This week President Donald Trump said he wouldn’t delay his executive order that bans TikTok from operating in the U.S. unless its parent Chinese company, ByteDance, sells it to an American company by September 20.
And TikTok has yet to finalize a deal as Chinese government officials remain opposed to offers made by Microsoft/Walmart and Oracle. And on Friday, Reuters reported that China would rather see TikTok be shut down in the U.S. than it forced into a sale.
But if Trump—citing security concerns—actually shuts down TikTok will it cost him votes? To find out Fortune and SurveyMonkey teamed up to poll 2,478 U.S. adults between August 17 and 18.*
We found the public isn’t thrilled by the executive order, however, they aren’t strongly opposed to it either. Among U.S. adults, 50% oppose Trump’s executive order to force a sale of TikTok’s U.S. business, 41% support the order, and 9% are unsure.
But there is a huge generational divide: TikTok is synonymous with Gen Z, and they’re supporting the app in this fight with the White House. Among adults age 18 to 24, 62% oppose the executive order to force a sale of TikTok. And 65% of TikTok users oppose it.
And while TikTik has a -12 percentage point net favorability among the U.S. adult population, it has a +22 net favorability among 18 to 24 year-olds, finds the Fortune-SurveyMonkey poll. Among people who use the app, that net favorability is a staggering +63 percentage points.
But does this add up to fewer votes for Trump? It’s unlikely. Most of the support and opposition for the ban breakdown along party lines: Among Republicans, 79% support the ban compared to just 13% of Democrats. That partisan divide holds true for Americans age 18 to 24—an age group already unlikely to support Tump.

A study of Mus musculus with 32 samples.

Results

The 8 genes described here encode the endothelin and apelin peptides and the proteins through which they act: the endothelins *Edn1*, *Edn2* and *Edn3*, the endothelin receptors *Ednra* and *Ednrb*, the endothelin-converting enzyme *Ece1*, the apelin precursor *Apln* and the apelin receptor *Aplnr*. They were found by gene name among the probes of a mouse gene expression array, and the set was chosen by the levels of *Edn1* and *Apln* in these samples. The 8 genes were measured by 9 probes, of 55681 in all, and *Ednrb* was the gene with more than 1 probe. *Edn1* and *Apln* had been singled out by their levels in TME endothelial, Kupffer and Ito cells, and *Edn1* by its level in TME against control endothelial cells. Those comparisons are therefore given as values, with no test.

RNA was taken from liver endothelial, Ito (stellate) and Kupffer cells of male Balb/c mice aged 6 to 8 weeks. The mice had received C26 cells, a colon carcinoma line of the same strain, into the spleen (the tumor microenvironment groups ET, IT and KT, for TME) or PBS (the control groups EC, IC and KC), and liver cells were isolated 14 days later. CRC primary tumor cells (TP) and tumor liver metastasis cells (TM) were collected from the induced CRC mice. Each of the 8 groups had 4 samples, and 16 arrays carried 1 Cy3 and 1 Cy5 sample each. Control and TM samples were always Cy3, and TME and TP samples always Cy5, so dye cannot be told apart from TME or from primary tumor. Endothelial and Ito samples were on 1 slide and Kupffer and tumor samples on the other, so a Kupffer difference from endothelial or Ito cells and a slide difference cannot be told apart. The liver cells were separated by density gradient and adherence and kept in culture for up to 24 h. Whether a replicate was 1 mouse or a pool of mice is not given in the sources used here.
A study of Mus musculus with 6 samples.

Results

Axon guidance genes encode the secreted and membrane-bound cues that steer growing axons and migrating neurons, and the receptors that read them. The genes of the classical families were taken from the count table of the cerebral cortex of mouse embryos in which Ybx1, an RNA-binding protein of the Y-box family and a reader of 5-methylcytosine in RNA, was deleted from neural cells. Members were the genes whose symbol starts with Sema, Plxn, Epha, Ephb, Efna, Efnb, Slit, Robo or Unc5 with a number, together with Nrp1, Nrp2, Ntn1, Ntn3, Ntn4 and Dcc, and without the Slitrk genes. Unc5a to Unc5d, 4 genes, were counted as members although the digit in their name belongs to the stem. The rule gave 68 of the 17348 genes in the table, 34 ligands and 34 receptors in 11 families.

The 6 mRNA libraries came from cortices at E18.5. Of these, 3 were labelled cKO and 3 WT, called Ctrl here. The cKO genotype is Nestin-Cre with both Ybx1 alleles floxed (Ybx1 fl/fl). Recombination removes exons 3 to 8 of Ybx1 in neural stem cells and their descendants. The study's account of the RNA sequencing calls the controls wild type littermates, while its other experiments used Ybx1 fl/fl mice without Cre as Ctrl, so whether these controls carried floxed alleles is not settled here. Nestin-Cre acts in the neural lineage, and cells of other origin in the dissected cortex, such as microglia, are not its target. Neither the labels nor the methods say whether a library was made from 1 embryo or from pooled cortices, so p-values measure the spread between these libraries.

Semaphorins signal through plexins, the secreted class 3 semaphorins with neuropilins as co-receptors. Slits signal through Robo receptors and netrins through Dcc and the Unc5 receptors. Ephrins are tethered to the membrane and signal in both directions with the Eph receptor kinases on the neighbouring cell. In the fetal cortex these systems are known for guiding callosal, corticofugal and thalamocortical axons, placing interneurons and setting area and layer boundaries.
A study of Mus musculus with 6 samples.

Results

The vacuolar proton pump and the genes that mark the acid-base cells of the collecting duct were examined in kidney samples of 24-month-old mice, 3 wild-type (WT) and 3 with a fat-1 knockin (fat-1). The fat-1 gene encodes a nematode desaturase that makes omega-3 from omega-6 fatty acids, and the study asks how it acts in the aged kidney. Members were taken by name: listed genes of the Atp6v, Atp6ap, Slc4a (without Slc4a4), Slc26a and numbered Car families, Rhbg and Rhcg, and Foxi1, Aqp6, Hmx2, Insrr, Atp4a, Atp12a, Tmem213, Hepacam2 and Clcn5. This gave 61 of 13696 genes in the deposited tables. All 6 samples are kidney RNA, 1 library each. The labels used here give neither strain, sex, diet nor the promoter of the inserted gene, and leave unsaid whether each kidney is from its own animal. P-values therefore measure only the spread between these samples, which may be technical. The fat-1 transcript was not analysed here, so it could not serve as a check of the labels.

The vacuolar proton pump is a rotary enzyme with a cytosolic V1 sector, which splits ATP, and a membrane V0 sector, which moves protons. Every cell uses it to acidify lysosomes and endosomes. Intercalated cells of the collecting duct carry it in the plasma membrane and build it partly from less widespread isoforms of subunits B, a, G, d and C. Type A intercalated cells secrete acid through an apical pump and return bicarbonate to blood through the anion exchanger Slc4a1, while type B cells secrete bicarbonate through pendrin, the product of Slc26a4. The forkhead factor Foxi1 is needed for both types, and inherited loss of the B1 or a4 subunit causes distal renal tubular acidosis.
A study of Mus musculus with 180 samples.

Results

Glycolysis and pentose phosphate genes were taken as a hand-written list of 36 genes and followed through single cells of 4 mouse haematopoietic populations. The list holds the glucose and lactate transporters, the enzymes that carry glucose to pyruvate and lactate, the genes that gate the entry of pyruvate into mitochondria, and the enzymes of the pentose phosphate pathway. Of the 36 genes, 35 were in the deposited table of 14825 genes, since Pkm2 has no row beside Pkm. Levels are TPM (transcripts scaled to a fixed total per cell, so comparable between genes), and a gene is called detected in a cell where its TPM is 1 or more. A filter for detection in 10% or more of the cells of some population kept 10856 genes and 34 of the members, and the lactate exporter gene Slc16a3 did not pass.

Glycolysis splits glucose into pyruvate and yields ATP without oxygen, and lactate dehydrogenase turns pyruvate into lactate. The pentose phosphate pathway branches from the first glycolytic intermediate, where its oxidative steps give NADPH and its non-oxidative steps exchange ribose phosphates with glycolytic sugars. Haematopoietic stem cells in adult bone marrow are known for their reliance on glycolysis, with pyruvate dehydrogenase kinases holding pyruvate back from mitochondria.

On the flip side, it could potentially increase young voter turnout against Trump. Past history tells us young voters fluctuate up and down between elections more than any other age cohort: In 2008, voter turnout among those under age 30 was at 50%, meanwhile, in 2016 it barely topped 40%.
And with vote registration deadlines nearing, it would likely have to come from younger voters who are already registered.
*Methodology: The Fortune-SurveyMonkey poll was conducted among a national sample of 2,802 adults in the U.S. between July 17-21. This survey’s modeled error estimate is plus or minus 3 percentage points. The findings have been weighted for age, race, sex, education, and geography.
This is an excerpt of data from Fortune Analytics, an exclusive newsletter that Fortune Premium subscribers receive as a perk of their subscription. The newsletter shares in-depth research on the most discussed topics in the business world right now. Our findings come from special surveys we run and proprietary data we collect and analyze. Sign up to get the full briefing in your inbox.